But I’m finding the situation isn’t so easily resolved when you’re in the middle of it. My husband and I became grandparents a year ago. We were beyond thrilled! We don’t have a lot of money, but we cut some corners to buy cute gifts on the appropriate occasions.

Now … my stepson has started dating a woman with two young children. The 26-year-old, college-dropout stepson has made having a family his No. 1 goal in life (maybe to make up for his parents’ divorce?). He actually searched dating sites for women with children.

He’s now moving in with this woman, who only a month ago agreed to be publicly identified as his girlfriend. (This is only his second relationship. The first one lasted just months.)

Anyway … with the holidays coming up, I don’t know what to do. Do we spend an equal amount on these other two kids? I don’t want to be a jerk to these two little girls, but I also don’t want to keep diverting money from our granddaughter to a string of kids we might not see again. Am I being a total jerk? I just want to be a …

– Good Grandma

A: Being a good grandma is about the kids, not you. Your first paragraph says you already know this.

That means any gifts you give to family members are investments in them as people, versus investments in your relationship with them. It’s “I want the best for you” versus “I want the best out of you” – a fine distinction, but an important one.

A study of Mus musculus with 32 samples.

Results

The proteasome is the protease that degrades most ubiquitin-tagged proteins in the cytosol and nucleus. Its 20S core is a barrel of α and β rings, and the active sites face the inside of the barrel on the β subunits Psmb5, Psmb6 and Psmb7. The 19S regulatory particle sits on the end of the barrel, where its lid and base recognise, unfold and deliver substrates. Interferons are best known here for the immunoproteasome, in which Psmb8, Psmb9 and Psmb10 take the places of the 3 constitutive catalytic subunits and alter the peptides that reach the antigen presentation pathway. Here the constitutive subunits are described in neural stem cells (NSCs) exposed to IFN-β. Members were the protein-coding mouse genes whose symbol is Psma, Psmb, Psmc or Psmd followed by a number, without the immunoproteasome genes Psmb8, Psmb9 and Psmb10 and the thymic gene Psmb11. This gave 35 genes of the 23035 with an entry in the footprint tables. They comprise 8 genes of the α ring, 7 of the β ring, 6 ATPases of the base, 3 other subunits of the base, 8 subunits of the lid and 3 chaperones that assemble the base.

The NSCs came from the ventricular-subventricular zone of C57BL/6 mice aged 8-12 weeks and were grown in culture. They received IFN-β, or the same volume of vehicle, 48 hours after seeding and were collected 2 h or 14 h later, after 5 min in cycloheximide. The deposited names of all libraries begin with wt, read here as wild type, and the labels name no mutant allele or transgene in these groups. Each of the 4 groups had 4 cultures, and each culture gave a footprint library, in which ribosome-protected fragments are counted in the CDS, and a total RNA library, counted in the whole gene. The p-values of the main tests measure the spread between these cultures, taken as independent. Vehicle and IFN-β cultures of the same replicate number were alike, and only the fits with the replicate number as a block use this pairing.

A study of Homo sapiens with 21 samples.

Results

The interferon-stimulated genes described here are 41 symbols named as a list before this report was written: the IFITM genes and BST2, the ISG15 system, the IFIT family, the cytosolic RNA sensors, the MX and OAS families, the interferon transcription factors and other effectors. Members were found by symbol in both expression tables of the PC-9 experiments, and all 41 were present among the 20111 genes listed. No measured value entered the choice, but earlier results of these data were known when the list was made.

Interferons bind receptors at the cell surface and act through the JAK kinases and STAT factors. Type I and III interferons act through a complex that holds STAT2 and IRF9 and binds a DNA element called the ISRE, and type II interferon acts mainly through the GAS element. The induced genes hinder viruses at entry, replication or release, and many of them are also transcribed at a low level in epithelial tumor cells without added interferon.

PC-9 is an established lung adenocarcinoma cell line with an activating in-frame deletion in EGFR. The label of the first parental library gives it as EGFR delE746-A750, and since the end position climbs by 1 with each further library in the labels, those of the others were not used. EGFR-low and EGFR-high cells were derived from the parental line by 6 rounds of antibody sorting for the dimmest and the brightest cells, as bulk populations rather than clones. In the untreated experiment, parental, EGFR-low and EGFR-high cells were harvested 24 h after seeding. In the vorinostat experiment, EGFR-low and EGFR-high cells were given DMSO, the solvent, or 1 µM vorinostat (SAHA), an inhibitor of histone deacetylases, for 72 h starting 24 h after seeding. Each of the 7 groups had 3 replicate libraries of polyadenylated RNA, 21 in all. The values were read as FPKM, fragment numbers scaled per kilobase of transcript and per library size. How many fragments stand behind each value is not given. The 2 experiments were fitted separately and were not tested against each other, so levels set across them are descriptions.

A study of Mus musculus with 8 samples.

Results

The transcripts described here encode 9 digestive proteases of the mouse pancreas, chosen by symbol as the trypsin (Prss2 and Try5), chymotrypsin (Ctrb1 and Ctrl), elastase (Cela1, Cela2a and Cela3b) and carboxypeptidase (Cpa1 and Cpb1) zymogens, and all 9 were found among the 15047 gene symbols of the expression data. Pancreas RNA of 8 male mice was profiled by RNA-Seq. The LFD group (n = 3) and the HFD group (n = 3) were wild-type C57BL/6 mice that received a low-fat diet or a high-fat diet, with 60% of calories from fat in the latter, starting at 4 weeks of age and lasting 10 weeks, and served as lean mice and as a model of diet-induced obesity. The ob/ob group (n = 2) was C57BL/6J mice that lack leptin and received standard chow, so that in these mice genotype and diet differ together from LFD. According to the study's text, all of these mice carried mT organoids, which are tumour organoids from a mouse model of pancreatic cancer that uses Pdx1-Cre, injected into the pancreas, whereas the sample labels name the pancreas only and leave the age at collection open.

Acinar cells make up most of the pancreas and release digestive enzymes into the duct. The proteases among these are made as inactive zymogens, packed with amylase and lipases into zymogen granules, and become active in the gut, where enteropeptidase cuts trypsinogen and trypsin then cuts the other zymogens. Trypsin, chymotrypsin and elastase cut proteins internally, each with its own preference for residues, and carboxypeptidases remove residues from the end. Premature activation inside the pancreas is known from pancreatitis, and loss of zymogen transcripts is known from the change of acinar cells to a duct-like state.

When you look at these two little girls that way, then you’ll see that their tenuous status in your family has no bearing on the way you divvy up the gifts. These are children innocent of their parents’ … whatevers, which I’ll get to in a second. What they need – possibly even more than your granddaughter does – is an environment where they’re valued just for being, without contingencies such as “gender, adoption or step situations.” So they get a third of your gift allotment, a third of your hugs, a third of your attention, and all of your heart.

Should the parents’ relationship crash and the girls abruptly exit your lives, then you will remain the nice lady who gave them the gift of acceptance without regard for their relative value to her. Too young to grasp that is not too young to feel its light.

I could even argue that my “fine distinction” is a tricky one, too; in embracing these girls as family for as long (or as briefly) as they are, it’s hard to see how you wouldn’t also be getting the best out of them. And out of yourself.